Most of this report, published by the National Center for Children in Poverty, has to do with adolescents’ risk-taking behavior, but one finding in particular that might interest readers of this blog is that almost 50 percent of adolescents admit to text messaging while driving, which studies have found increases the risk of a crash by 23 times. That’s at least as risky, if not more, than driving drunk.
This study, by the Virginia Tech Transportation Institute, released in July found that text messaging was far more distracting than dialing a number, talking on a cellphone, or reaching for an object while driving. In fact, the study suggested that texting be banned in moving vehicles for all drivers.
Another interesting finding in that study was that cellphone calls received through a headset are not significantly safer than cellphone calls without a headset. This is the case even though in many places where talking on cellphones while driving is banned, talking on cellphones through headsets while driving is allowed. The primary risk in using a cellphone while driving is dialing and answering calls, which the headset does not make any easier, says the study.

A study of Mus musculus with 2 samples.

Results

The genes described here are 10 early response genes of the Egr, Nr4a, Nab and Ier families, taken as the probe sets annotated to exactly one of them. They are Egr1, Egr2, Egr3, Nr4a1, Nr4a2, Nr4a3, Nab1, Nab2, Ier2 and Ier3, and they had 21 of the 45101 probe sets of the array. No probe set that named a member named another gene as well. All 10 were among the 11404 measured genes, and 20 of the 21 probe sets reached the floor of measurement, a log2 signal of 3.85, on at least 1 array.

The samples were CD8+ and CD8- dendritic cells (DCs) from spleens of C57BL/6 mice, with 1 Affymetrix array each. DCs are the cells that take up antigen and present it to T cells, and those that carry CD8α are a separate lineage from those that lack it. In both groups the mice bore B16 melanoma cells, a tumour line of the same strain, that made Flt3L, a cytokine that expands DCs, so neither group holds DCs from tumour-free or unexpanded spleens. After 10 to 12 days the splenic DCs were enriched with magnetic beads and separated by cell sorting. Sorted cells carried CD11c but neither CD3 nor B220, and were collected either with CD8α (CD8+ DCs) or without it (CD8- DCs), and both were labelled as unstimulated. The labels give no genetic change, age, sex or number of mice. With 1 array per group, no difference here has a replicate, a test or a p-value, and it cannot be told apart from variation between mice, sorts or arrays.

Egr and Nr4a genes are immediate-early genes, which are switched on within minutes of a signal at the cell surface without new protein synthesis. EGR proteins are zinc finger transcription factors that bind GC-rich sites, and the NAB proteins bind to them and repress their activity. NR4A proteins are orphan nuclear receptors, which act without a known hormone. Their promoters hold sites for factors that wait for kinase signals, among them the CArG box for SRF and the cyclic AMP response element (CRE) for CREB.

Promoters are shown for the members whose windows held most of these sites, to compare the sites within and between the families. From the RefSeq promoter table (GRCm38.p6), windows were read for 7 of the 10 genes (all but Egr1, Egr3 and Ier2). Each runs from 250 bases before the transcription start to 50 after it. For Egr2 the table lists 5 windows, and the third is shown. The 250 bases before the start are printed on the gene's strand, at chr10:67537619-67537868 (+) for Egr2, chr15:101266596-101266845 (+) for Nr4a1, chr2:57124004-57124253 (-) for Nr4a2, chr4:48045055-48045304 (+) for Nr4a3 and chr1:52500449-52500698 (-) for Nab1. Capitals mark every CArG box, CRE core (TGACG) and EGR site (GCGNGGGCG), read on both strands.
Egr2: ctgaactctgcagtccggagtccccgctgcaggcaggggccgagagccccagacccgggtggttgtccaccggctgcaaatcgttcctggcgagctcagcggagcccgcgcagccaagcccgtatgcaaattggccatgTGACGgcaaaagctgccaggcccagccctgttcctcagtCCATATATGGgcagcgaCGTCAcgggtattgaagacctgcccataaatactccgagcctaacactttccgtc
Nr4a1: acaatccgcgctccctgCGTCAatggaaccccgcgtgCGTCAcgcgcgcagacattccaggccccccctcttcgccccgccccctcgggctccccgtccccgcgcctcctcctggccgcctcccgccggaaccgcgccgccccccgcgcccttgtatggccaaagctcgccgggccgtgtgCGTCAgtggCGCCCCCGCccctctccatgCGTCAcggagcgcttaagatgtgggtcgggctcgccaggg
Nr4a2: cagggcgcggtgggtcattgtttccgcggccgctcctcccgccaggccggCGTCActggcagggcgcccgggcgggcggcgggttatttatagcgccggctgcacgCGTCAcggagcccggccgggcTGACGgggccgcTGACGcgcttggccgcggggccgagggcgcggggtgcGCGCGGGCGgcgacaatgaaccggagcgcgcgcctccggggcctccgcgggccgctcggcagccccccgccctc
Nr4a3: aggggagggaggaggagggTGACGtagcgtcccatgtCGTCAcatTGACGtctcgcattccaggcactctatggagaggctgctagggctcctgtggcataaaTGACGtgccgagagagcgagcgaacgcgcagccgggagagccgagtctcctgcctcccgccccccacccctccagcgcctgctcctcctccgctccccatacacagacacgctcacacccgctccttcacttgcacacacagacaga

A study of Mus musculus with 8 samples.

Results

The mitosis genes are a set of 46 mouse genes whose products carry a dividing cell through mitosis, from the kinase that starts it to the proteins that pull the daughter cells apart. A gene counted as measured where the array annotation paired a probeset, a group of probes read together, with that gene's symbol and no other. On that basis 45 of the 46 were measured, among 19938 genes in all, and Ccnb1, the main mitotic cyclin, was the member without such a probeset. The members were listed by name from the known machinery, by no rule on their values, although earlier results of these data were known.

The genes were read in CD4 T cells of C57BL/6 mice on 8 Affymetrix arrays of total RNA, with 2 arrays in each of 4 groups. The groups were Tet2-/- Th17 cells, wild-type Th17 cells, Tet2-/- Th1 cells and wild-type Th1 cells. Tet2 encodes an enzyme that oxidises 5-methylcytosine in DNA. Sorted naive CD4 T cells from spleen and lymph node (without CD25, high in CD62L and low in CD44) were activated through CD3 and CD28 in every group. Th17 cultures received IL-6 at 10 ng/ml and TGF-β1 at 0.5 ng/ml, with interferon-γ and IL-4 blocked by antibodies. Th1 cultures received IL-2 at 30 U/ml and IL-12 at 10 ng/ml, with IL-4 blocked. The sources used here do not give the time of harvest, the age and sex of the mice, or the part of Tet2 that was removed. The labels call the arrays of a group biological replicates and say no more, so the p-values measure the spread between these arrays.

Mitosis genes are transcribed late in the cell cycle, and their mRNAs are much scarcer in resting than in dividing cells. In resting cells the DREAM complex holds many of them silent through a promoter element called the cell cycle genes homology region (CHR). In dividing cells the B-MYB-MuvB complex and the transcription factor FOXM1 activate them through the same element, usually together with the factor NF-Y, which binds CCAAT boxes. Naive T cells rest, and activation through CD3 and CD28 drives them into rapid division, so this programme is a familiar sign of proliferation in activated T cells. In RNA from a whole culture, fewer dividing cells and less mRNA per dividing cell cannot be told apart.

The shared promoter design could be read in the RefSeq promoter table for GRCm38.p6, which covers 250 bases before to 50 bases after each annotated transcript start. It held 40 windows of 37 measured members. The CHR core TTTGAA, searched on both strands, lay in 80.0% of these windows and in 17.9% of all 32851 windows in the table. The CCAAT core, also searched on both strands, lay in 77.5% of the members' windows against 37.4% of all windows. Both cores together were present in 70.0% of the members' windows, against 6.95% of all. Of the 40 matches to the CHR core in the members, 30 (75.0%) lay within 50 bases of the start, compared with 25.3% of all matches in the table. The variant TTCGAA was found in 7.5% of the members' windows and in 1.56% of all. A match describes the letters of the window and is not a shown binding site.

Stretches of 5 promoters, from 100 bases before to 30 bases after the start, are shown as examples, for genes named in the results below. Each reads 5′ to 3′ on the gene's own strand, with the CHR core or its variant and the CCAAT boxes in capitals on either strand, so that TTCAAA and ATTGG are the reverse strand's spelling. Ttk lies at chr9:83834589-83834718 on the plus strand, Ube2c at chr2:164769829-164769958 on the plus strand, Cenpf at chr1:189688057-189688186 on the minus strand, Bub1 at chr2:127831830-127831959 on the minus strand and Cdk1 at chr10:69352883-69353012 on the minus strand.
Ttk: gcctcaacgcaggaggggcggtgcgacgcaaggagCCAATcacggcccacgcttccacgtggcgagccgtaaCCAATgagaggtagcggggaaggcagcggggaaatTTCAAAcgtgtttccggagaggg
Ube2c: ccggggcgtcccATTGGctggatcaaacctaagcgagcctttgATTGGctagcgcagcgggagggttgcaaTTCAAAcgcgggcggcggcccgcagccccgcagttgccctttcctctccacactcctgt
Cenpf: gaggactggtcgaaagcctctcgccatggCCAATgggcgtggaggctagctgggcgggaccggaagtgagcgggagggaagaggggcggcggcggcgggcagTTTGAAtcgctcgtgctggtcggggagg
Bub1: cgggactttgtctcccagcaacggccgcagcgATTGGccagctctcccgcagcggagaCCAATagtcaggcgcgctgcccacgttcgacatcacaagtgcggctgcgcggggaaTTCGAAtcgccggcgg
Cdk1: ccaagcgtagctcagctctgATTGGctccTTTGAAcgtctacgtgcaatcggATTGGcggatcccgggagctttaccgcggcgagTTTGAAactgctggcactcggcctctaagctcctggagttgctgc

I think it’s safe to say that any activity that takes your eyes off the road while driving for any period of time increases the risk of a crash, and if text messaging impairs driving as much as drinking, it would be wise for all of us to start educating teens, as well as adult drivers, about those risks.
And if those statistics don’t scare you, this public service announcement sure will. I should warn you before you play it, though, that it’s fairly graphic. View at your own risk.
Are your driver’s ed programs tackling this problem?
A version of this news article first appeared in the Digital Education blog.